I just posted current validity information about CEEA v4.2 (formerly, CREE) on IEE’s website. Currently, 12 schools have collected the surveys from at least part of their student body and staff, and we had data from over 20 schools in the fall.
The preliminary data results can be seen at: http://excellenceandethics.com/assess/CEEA_v4.2_ReliabilityValidity.pdf
As I shared before, all scales, including the ones added in version 4.2, have Cronbach’s alphas that range from .83 to .94. These are excellent results for the internal consistency of the scales supporting reliability and validity of CEEA. Validity of a survey is further demonstrated by how well the pattern of relationships identified in the data confirms what can be expected theoretically. Let me mention just a couple of observations that point to strong validity of CEEA.
Individuals tend to perceive themselves more positively than others, especially if they are asked to report on ability, rather than actual behavior. In these data, just as one would expect, students on average report much higher perceptions of their own Competencies of Excellence/Ethics (3.74/3.82), compared to their reports of peer behaviors captured in the scales of Culture of Excellence/Ethics (2.88/2.91).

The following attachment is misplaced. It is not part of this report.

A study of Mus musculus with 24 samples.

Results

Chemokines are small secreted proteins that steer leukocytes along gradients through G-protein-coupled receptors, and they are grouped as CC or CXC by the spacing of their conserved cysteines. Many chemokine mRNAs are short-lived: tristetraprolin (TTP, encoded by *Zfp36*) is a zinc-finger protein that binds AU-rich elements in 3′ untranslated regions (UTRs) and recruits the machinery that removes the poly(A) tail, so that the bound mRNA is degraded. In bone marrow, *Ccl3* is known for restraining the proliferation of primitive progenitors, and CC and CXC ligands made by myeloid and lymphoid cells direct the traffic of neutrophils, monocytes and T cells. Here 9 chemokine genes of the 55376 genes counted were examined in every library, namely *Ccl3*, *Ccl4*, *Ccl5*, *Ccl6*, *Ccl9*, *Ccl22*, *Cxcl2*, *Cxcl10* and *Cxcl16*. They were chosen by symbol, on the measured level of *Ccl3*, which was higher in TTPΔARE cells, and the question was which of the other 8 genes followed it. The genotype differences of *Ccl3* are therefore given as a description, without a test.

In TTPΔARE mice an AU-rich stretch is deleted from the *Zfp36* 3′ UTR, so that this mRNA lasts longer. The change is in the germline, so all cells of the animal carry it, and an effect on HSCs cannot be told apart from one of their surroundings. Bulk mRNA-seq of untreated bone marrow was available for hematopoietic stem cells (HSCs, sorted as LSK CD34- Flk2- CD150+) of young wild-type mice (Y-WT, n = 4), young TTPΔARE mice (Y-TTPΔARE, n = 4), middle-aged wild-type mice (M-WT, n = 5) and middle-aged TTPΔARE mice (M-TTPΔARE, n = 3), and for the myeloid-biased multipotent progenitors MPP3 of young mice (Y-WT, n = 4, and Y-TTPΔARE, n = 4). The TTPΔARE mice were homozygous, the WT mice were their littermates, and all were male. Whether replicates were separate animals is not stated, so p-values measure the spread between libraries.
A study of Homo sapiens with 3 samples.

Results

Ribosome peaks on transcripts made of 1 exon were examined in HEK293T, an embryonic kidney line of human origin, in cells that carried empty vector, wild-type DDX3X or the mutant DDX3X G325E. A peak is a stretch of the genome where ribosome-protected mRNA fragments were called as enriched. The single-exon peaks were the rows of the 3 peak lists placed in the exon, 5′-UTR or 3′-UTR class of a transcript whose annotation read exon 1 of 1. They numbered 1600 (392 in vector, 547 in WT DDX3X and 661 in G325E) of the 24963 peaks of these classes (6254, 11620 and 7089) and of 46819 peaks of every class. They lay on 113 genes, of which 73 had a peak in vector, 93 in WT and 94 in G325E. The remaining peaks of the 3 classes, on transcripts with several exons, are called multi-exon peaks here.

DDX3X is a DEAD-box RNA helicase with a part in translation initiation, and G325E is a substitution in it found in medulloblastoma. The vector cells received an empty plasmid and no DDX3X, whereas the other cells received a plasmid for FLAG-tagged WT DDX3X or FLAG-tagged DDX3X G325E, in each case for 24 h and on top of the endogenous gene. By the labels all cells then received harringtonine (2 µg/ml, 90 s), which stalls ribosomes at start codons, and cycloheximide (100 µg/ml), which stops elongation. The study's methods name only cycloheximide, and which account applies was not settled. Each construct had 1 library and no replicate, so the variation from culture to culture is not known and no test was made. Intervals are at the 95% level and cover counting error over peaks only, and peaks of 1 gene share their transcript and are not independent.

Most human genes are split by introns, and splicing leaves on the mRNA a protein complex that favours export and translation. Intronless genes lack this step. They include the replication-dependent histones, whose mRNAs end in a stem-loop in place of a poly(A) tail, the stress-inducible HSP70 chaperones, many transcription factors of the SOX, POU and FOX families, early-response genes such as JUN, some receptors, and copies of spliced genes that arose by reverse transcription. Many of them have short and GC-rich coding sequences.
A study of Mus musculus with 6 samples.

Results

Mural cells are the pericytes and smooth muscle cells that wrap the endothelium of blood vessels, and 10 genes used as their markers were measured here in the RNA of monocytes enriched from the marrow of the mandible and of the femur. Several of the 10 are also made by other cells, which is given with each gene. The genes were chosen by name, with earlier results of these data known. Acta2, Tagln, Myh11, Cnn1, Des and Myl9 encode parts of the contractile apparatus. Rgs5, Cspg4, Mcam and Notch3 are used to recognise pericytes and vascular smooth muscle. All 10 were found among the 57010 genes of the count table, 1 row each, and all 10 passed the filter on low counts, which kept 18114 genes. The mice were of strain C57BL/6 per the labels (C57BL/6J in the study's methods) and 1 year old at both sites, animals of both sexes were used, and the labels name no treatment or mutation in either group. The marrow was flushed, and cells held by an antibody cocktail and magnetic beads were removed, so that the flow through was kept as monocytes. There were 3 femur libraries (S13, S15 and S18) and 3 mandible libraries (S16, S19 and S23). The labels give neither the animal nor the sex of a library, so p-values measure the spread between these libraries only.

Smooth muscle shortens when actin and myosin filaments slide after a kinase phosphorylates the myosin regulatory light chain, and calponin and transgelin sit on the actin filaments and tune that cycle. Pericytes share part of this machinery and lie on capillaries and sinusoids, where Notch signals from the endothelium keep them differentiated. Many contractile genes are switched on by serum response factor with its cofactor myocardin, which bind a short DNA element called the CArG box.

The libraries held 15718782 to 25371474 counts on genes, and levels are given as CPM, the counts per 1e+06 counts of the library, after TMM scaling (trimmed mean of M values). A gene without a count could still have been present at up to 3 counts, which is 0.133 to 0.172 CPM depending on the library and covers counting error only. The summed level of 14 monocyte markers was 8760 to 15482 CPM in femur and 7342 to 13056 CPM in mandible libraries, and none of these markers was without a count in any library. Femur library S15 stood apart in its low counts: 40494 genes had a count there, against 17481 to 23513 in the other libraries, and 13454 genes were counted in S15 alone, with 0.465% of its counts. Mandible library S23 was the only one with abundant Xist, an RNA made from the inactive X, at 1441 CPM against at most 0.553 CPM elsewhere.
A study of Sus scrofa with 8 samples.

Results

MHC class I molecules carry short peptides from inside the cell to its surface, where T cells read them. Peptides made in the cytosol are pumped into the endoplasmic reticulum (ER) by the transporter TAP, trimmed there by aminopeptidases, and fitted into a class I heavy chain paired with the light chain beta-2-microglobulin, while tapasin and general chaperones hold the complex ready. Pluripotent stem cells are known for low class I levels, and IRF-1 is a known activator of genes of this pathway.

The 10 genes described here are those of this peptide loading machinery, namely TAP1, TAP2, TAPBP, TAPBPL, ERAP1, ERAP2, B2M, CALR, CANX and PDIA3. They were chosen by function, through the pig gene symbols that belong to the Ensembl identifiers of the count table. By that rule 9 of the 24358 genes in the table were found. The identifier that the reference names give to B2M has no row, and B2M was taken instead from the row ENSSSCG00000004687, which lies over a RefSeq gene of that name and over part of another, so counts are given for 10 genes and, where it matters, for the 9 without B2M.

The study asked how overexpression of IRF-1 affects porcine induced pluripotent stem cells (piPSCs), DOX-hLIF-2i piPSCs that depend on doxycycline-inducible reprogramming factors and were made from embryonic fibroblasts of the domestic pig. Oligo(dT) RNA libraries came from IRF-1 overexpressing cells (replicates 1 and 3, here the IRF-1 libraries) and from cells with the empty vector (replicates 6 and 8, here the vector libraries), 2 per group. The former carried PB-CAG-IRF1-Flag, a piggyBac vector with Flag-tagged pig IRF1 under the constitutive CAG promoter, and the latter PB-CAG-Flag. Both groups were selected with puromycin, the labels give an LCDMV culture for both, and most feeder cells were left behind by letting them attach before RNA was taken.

When examining the pattern of bivariate correlations in student data, the highest predictors of student competencies and school culture are faculty practices impacting excellence/ethics and faculty support for & engagement of students. At the same time, Student Safety is barely correlated with students’ reports of competencies and strongly correlated with their perceptions of student culture. Again, taken together, this pattern of relationships confirms what would be expected theoretically.
There is a similar pattern in the faculty data. Faculty give highest responses on the items about their own practices impacting excellence and ethics (4.17 and 4.09). However, in the correlations data, we see that these same scales are just barely correlated with faculty assessments of student competencies and student culture of excellence and ethics (from .111 to .169). Instead, faculty perceptions of what other faculty do (measured by such scales as Faculty Support for & Engagement of Students, Faculty Beliefs & Behaviors) are all much strong predictors of student competencies and culture (from .412 to .553).
For students, perceptions of peers (the Culture scales) are only modestly correlated with reports of students’ own competencies (from .269 to .306). In faculty data, however, student culture scales are stronger predictors of student competencies than any of the faculty practices/behaviors (from .610 to .688). This is to be expected, as faculty tend to think similarly about students and somewhat differently about themselves and colleagues. (In statistical and research methods language, one would refer to this pattern of findings as evidence of divergent/convergent validity).
More work remains to be done to collect the remaining data and generate school CEEA (CREE) reports. While giving strong support to the validity of the instrument, these results also identify a range of concerns, such as the discrepancy in faculty’s beliefs about their own work and what happens around them in the school I just mentioned. When studied carefully and discussed with an open mind by school leadership teams and faculty, the CEEA reports should provide excellent entry points for serious dialogue and decision-making for improvement.